SOURCED FROM THE ORIGINAL ANALOG MASTER TAPES FOR AUDIOPHILE SONICS
Originally intended as a clever poke at the era's trends that critics maintained were making the band irrelevant, the title of and music on The Long Run continue to prove the Eagles got the last laugh. Created in the wake of the group's demanding tour for the blockbuster Hotel California, the 1979 record ultimately became the final record the Eagles would create for nearly three decades. Stacked with first-rate material and three mammoth singles, the seven-times-platinum effort ensured the Eagles never drifted far from the public's consciousness.
Sourced from the original analog master tapes and housed in a mini-LP gatefold sleeve package, Mobile Fidelity's numbered-edition hybrid SACD presents The Long Run in audiophile sound. Akin to the audiophile label's other Eagles SACDs, this collectible edition plays with organic richness, spectacular dynamics, and microscopic levels of detail. Songs come across with an epic sweep and feature front-to-back soundstages that give the music desirable air, roominess, and separation.
"Who is gonna make it?/We'll find out in the long run," posits Don Henley on the album's opening track, an R&B-fueled classic that reached No. 8 on the charts. Henley later addressed the irony of the lyrics; his group was in the process of breaking apart when he wrote it. Yet the singer-songwriter and colleague Glenn Frey clearly knew something others failed to recognize. Related themes of survival, resilience, and dark humor course throughout The Long Run, which also marks the arrival of bassist Timothy B. Schmit. His lead vocal anchors the No. 8 hit "I Can't Tell You Why," a staple he co-wrote with Henley and Frey.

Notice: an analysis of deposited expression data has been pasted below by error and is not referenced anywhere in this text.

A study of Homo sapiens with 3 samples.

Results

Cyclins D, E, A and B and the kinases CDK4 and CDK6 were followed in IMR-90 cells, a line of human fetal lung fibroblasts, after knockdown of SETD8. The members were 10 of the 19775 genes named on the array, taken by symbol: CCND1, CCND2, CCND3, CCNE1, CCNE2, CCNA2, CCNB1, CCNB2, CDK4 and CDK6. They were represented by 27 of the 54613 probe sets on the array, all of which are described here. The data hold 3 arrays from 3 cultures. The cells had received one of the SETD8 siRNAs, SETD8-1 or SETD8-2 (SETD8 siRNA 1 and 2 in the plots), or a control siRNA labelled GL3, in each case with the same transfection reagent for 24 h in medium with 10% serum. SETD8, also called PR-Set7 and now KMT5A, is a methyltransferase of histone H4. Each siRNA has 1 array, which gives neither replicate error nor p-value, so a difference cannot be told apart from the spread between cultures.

That dynamic duo has a hand in all but one of the songs, "In the City," Joe Walsh's slide-guitar-appointed ode to endurance. Walsh also shares a writing credit on the closing "The Sad Cafe," a melodramatic favorite whose lineage extends to another of the band's longtime collaborators, J.D. Souther. He, along with Frey and Henley, teamed with Detroit legend Bob Seger on penning the record's signature anthem: the Grammy-winning "Heartache Tonight." Fueled by rhythmic handclaps, a romping groove, and the band's trademark California-bred country-rock style, the chart-topper comfortably sits alongside deep cuts such as the winking shuffle "The Disco Strangler" and cinematic "King of Hollywood."
The challenges and pressures associated with making The Long Run after dealing with the unimaginable success of Hotel California ended up grounding the Eagles. Yet the album's enduring merit, performances, and melodies confirmed Henley and Frey's beliefs. The Eagles are still thriving. They made it. The long run continues.